Paper Marbling

Paper marbling, which has a very special place among Turkish book arts, consists of sprinkling paint with special brushes into water intensified with materials such as tragacanth and transferring the paint shapes onto a paper. Etymologically, the Turkish word for paper marbling which is “ebru” is considered a derivation of the word “ebrî” meaning “cloudy” in Persian or “ebre” meaning cloudy, stranded fabric or paper in Jagatai.

Art historians indicate that paper marling art was performed with the same techniques in 8th century in China, 12th in Japan and mid-16th in India. The oldest paper ever documented nowadays is within a work of art dating back to circa 1519 called Mecmûatü'l-Acâib which is at the Istanbul University Library. Another one is in the literary work of Arifi called Guy-i Çevgan (1539) at the Topkapı Palace Museum.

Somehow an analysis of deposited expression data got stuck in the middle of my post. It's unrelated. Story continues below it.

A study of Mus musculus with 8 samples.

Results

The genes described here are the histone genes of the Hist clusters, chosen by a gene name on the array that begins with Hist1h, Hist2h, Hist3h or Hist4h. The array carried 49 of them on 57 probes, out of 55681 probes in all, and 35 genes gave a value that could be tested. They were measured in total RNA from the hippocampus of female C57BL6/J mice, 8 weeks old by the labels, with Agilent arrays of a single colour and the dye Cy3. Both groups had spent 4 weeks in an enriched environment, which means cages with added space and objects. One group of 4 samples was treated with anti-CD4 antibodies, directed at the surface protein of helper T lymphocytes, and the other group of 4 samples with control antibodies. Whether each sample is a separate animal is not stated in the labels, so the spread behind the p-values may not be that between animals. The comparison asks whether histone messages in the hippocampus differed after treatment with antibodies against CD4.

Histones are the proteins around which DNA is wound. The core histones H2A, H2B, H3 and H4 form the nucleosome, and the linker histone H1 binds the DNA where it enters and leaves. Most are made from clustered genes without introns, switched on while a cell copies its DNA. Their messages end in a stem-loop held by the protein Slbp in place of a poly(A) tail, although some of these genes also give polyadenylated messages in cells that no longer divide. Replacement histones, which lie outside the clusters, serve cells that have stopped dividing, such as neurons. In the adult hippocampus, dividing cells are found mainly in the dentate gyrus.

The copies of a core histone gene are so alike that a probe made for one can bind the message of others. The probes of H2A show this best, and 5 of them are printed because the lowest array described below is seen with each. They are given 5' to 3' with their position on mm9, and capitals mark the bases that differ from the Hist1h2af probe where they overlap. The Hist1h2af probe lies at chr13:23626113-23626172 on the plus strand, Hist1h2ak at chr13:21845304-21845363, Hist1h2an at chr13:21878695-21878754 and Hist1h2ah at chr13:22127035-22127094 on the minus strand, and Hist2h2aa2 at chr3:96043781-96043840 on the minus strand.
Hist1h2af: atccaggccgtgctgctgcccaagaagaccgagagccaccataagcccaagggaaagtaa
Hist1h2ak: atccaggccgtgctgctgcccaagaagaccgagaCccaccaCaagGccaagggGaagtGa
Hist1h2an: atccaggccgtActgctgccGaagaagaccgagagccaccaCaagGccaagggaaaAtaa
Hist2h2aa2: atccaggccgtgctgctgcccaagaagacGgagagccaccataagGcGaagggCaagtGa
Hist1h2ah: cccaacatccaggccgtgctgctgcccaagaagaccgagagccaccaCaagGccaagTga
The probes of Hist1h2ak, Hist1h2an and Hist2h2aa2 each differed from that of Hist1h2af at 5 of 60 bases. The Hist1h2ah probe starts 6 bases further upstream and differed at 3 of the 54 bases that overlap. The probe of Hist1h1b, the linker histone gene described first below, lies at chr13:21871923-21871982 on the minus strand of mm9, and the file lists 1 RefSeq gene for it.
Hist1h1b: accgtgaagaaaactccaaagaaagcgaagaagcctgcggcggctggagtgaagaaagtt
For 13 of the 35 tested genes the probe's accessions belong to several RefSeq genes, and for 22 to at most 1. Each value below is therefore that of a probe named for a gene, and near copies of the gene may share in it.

Paper marbling, similarly with every classic Ottoman art was taught through master and apprentice method. It was traditionally only used on the shelves of hüsn-i hat boards, on the illuminations and as an endpaper within bindings. One of the most important characteristics of the Turkish paper marbling tradition is the use of special brushes made of horse hair and natural paint that doesn't dissolve nor contains acid or casein.  Some of the paper marbling styles are; battal (large), somaki (porphyry), neftli battal, serpmeli (sprinled) battal, gel git (tide), taraklı (splayed), kumlu (sandy), hatib.

Currently paper marbling art is performed with the perspective of abstract painting as an independent art form besides its traditional use.